Trevor Williams found himself on the verge of baseball history on Easter Sunday. Then, the Pittsburgh Pirates starter found himself on the bench in what some would describe as an April Fools' prank gone terribly wrong.

Manager Clint Hurdle pulled his starter from Sunday afternoon's game against the Detroit Tigers, despite a historic six innings in the books. He was trying to protect Williams from himself, but he disrupted what would've been a historic afternoon for the Pirates in the process.

Williams no-hits through six

By no means was this the prettiest no-hitter in progress.

Through six innings, Williams had struck out just a single Tigers batter. He had also walked five Detroit players, flirting with disaster constantly. Yet he managed to force ten groundouts, including two double plays. Still, there was one stat more problematic than any other in the eyes of the Pirates manager: his 85 pitches through six innings.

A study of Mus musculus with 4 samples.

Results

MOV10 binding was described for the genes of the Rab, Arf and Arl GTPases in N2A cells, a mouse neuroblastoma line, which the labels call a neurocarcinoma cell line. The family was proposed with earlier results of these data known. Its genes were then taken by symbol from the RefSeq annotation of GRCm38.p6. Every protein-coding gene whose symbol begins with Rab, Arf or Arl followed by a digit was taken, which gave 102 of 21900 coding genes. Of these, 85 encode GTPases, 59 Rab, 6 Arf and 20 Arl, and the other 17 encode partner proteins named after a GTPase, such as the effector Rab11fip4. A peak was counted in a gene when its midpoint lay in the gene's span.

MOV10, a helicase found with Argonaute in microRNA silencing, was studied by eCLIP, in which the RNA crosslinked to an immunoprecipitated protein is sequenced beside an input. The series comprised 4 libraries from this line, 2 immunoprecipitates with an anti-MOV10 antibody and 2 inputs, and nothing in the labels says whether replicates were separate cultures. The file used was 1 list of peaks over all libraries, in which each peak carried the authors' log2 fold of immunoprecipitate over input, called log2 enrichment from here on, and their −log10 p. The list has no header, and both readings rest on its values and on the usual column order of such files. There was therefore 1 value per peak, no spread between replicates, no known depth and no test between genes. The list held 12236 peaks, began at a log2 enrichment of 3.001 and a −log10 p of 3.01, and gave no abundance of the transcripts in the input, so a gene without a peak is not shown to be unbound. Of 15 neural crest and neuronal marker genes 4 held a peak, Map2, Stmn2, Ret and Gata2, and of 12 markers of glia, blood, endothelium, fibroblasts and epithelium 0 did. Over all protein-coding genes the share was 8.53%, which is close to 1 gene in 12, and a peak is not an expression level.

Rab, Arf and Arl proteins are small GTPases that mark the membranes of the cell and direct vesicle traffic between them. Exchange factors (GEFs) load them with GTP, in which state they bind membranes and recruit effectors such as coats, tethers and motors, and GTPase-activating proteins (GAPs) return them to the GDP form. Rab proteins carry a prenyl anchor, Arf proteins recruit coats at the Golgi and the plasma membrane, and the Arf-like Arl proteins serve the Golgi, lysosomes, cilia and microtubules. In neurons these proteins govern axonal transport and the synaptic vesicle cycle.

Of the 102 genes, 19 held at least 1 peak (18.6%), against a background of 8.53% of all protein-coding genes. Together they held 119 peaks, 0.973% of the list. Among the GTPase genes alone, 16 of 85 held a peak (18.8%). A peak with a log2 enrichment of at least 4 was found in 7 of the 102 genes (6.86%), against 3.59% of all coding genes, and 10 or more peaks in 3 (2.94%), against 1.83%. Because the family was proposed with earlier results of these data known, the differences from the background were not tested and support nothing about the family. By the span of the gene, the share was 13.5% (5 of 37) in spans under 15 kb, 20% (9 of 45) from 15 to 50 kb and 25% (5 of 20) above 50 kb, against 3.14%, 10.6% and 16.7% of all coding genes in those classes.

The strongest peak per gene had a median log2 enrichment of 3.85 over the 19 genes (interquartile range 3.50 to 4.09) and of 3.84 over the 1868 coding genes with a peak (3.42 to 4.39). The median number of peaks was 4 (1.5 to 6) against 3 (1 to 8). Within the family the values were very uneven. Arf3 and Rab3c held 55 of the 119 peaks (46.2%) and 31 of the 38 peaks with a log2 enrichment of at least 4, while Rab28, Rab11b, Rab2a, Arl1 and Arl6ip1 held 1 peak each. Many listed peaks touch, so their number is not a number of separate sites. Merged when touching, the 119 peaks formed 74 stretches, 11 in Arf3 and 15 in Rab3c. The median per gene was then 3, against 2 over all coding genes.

Not damning, but putting Williams on pace for nearly 130 pitches.

So Hurdle took Williams out of the game, despite his no-hitter in progress. Reliever Michael Feliz came into the game and almost immediately allowed a double, ending the potential historic afternoon.

It was the second time in as many days a starter was pulled from a no-hit bid; Minnesota Twins starter Kyle Gibson also had one going through six innings. The difference? He was already up to 102 pitches on the evening.

That no-hitter was also vanished by a bullpen.

Did the Pirates make the right call?

Believe it or not, the Pirates have been in this exact position several times in their history.

According to one of the team's broadcasters, this was the third time the team pulled a starter after at least six no-hit innings, although Williams became the first victim of the early hook in nearly a half-century.

Baseball fans are justifiably enamored with history, and no-hitters fit neatly into that category.

There have been six no-hitters in Pirates history, with the most recent one coming in 1997. Having Williams achieve that feat on Easter Sunday would've been an incredible moment.

But time and again, pitchers have suffered from the debilitating effects of throwing a no-hitter, something baseball managers have become much more aware of in recent years. It was easier to pull Williams after six than after eight, where history would've been so close, but the Pirates starter may very well have been in injury danger.